France, Britain to improve Calais migrant camp response

Members of the same family living at the Calais migrant camp known as the "Jungle"
Members of the same family living at the Calais migrant camp known as the "Jungle" Alice Pozycki

France and the UK have signed an agreement to tackle people smuggling networks on both sides of the English Channel. The agreement comes as a court in northern France has ordered French authorities to improve conditions at the giant "Jungle" migrant camp within days.


French Interior Minister Bernard Cazeneuve and his British counterpart, Theresa May signed the agreement at a meeting in London on Monday night.

"It's an agreement which reinforces cooperation between our police services, our intelligence services, and which also aims to ultimately increase judicial cooperation between our two countries in the fight against illegal immigration and smuggling networks," Cazeneuve said at a press conference.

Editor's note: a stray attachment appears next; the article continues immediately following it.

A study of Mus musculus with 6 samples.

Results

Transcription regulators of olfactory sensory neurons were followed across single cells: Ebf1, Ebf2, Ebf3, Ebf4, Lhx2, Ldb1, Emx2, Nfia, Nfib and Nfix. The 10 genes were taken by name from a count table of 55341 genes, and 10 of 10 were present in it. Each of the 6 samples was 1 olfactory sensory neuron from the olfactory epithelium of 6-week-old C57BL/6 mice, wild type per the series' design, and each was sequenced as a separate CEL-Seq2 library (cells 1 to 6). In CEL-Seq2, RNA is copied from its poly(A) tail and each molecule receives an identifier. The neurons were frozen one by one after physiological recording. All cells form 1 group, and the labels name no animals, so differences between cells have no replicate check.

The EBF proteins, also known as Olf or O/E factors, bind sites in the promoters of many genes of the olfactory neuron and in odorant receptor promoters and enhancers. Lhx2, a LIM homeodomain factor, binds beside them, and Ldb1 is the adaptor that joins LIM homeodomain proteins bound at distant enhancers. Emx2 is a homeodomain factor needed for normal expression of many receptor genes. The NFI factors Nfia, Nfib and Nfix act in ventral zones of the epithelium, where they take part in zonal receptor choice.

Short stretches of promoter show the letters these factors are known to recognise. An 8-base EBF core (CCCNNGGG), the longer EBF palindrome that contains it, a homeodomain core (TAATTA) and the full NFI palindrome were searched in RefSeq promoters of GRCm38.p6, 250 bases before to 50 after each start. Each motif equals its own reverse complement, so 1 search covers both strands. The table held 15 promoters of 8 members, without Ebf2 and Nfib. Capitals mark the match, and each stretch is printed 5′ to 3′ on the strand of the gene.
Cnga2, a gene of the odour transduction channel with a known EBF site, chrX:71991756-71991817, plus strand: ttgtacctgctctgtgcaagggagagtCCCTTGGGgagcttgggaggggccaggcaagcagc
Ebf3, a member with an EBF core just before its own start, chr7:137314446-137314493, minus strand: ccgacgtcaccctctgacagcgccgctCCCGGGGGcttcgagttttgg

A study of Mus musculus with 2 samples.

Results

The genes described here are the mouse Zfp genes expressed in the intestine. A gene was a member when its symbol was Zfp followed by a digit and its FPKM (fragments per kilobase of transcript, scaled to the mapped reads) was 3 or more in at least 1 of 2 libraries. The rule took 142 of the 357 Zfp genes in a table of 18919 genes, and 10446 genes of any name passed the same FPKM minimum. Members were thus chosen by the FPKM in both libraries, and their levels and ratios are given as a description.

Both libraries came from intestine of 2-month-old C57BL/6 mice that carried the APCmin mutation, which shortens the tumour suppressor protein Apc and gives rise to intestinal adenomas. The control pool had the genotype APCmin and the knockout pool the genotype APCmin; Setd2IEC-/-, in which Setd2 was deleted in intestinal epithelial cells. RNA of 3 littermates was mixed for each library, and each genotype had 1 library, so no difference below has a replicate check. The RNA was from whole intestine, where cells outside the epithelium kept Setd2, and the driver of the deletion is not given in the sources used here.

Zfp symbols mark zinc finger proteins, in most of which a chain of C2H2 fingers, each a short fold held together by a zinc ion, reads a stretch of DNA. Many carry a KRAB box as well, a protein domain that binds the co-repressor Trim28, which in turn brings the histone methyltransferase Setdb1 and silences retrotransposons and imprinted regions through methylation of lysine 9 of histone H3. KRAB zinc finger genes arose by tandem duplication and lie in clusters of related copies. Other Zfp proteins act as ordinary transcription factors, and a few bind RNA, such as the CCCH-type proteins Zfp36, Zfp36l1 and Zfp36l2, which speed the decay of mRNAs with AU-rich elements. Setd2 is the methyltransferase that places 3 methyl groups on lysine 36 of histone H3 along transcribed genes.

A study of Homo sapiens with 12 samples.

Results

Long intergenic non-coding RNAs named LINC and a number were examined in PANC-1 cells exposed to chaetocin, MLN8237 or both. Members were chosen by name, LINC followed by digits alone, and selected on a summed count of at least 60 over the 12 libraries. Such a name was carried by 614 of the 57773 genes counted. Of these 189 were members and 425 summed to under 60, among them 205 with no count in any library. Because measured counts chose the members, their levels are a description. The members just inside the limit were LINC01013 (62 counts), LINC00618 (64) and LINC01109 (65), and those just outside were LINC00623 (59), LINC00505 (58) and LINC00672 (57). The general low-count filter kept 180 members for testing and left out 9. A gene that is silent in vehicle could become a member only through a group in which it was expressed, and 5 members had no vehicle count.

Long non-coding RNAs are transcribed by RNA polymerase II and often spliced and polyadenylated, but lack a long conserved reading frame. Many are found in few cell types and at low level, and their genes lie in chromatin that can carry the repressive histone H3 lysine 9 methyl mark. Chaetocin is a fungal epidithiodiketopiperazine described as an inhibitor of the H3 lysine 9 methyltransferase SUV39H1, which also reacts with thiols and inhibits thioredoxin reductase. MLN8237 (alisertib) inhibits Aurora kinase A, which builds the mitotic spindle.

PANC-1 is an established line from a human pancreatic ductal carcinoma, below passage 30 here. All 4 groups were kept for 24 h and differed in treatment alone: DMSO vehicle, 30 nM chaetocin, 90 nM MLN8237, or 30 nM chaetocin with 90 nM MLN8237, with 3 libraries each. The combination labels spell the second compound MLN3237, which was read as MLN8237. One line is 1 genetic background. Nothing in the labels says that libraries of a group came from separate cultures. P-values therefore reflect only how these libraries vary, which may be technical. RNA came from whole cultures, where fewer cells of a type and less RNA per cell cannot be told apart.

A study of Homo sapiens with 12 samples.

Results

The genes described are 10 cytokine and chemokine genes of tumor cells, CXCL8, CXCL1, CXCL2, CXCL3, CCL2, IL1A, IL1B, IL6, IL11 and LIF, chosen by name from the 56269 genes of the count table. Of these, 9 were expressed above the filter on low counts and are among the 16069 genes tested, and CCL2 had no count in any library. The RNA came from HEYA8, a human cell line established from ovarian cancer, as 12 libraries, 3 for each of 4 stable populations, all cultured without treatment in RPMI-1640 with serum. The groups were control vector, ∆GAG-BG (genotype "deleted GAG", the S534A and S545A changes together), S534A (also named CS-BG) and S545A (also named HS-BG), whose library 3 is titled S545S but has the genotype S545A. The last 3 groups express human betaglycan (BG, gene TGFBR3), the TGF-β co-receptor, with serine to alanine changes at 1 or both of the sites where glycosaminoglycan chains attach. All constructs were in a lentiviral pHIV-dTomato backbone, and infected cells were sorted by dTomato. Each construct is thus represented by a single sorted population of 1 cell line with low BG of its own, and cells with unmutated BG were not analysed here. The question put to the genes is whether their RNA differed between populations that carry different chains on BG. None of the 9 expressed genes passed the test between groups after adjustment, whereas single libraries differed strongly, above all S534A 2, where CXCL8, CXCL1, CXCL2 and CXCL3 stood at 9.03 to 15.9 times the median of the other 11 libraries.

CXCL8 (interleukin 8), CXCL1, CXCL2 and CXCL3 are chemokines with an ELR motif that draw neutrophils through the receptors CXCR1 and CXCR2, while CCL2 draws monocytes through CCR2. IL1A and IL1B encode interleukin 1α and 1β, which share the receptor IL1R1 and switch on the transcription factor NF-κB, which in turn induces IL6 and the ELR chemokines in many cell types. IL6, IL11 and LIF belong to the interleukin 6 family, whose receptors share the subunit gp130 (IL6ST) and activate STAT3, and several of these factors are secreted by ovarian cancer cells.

Cazeneuve said that more British officers would be stationed in Calais where some 6,000 migrants are currently living in ramshackle encampments as they try to cross to England.

The amount of people living in the "Jungle" camp has nearly doubled since the end of September.

Last month Cazeneuve ordered heated tents for woman and children but most people remain camped out in the cold.

On Monday a court in the northern city of Lille ordered French authorities to improve the camp's conditions.

The Pas-de-Calais prefecture has eight days to install garbage collection sites and clean the camp. The court also called for at least 10 additional water stations, including 50 latrines.

A lawyer representing a group of NGOs advocating for the migrants' rights says Monday's ruling in Lille is a "first victory".

Many NGOs are still calling for vacant housing to shelter migrants and upping meal distribution to twice a day for everyone living in the camp.